Monday, 2 July 2012

Everything Must Go (inc Indie Rock & Youth)

Books, magazines, LPs, mobile devices that aren't iPhones, concentrated spells of reading that last longer than five minutes - the lot! This blog, even, one day (I know, read that and weep). So now the writer contemplates the idea that it will be his lasting legacy...

Do abandoned blogs ever disappear? I read that they digital which case, what will people think of this should they chance upon it in 100 years' time? By then there will be blog archaeologists claiming to have unearthed lost treasures, no doubt. Perhaps there will be a blog museum, an online facility holding blogs by decade. This may already exist, but I'm resisting the temptation to look right now.

When I say 'everything must go' I'm thinking about many things, along with those which will endure, such as mountains, oceans and Cliff Richard. Depending on what you think will happen first, the sun going out (in a few billions years), or a meteorite crashing into us (I'm hoping it heads our way soon so that Harry Stamper can come to the rescue, thus greatly reducing the chances of another in my lifetime).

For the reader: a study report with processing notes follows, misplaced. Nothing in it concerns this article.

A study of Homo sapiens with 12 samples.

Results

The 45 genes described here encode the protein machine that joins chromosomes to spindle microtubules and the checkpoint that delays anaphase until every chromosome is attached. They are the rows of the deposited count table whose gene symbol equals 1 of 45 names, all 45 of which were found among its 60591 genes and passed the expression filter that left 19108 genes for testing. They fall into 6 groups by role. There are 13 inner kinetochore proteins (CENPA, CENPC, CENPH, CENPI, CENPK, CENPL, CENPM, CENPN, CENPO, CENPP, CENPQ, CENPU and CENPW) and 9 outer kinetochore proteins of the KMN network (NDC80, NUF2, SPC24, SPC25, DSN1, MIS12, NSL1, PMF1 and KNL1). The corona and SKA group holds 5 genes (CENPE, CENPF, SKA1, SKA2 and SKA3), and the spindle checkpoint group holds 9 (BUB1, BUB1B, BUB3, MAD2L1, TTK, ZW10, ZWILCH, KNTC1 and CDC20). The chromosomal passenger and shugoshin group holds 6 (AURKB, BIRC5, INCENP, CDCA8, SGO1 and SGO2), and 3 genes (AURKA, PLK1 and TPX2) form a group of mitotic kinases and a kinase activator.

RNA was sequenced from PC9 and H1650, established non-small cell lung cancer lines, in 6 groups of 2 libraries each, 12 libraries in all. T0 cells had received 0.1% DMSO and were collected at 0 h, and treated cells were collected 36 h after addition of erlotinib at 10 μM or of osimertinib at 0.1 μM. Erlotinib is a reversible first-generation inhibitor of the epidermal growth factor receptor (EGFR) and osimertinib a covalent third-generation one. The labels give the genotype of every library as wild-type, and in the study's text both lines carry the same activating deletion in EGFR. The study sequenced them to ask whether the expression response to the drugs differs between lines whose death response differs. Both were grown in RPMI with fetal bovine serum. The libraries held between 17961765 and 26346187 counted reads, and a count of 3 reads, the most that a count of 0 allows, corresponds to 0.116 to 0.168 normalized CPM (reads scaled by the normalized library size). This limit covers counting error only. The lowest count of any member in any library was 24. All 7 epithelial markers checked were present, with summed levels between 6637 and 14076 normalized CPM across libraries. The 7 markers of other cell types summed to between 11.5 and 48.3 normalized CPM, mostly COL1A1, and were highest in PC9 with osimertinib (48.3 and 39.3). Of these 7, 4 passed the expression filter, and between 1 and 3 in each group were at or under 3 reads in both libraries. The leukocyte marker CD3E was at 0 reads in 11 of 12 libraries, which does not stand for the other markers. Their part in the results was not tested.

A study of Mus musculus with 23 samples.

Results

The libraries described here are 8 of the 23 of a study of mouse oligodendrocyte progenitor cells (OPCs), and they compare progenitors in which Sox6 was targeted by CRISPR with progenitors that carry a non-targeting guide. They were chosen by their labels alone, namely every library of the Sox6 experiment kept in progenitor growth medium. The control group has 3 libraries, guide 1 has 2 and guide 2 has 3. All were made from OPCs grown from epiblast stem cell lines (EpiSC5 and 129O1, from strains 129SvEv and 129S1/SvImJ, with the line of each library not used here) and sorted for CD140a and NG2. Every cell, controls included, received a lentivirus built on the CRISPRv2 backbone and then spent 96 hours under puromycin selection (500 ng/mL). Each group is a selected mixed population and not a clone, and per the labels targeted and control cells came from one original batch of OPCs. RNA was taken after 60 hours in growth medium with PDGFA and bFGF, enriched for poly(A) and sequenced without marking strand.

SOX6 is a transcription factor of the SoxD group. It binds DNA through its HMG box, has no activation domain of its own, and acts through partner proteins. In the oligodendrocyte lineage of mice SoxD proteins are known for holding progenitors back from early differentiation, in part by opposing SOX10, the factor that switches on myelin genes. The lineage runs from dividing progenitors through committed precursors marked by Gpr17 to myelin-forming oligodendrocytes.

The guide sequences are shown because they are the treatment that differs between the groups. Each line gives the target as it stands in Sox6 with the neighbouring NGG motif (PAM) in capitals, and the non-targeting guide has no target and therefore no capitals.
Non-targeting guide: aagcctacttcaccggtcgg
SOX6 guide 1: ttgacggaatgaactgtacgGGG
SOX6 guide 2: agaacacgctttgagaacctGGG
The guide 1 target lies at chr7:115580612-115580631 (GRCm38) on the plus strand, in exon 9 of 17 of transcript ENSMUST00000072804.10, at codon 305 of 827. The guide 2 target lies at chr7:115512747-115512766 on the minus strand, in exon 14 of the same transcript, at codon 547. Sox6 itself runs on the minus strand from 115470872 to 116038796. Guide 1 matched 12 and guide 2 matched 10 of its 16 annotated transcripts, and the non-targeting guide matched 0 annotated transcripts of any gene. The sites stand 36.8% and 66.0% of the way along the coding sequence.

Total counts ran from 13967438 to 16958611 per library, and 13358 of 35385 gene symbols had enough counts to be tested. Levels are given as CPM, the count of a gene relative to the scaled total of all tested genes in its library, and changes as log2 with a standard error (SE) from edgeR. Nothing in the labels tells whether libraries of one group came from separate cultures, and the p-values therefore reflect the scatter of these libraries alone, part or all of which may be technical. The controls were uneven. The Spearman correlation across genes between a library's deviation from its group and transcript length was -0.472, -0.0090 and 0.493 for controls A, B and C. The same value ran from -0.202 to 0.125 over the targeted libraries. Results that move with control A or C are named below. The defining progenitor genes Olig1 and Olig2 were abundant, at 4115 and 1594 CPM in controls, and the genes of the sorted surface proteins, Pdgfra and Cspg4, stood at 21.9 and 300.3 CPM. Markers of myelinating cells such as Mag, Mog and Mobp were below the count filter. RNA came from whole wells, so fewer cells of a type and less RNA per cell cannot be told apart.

'Indie Rock' is supposedly dying a slow, painful death . Well, I long-since buried that under the, er, metaphorical tree in my back garden. Yet as in monster B-movies, the beast will not die! Do fans of this stuff not yet realise that adulation of these Rock Stars, and the playing of their music, is akin to being a member of the Morris Dancing Appreciation Society, which in their misguided pseudo-coolness would be so laughable? No, dear reader, they do not, for they are cursed with the belief that Indie is forever...what? Hip? Cool? Such is the way of those whose (already antiquated) rebel music slips into the mainstream as readily as one of Roger Daltrey's trouts  - and looking at those lakes, I'd like to visit. Haven't you cottoned on to the fact that rambling is the new rock 'n' roll, yet?  

Watching BBC4's doc about the Quadrophinia the other night I was reminded of how time also goes when footage of The Who's Charlton FC gig came on - I was there - my god, yes. 'Perhaps we'll see you!' cried LJ, naively. I should have replied 'Yes, but will it be the real me?', but didn't think of it at the time. After all, ourselves decades ago do not seem real, do they? I was another person then and, yes, youth must go too.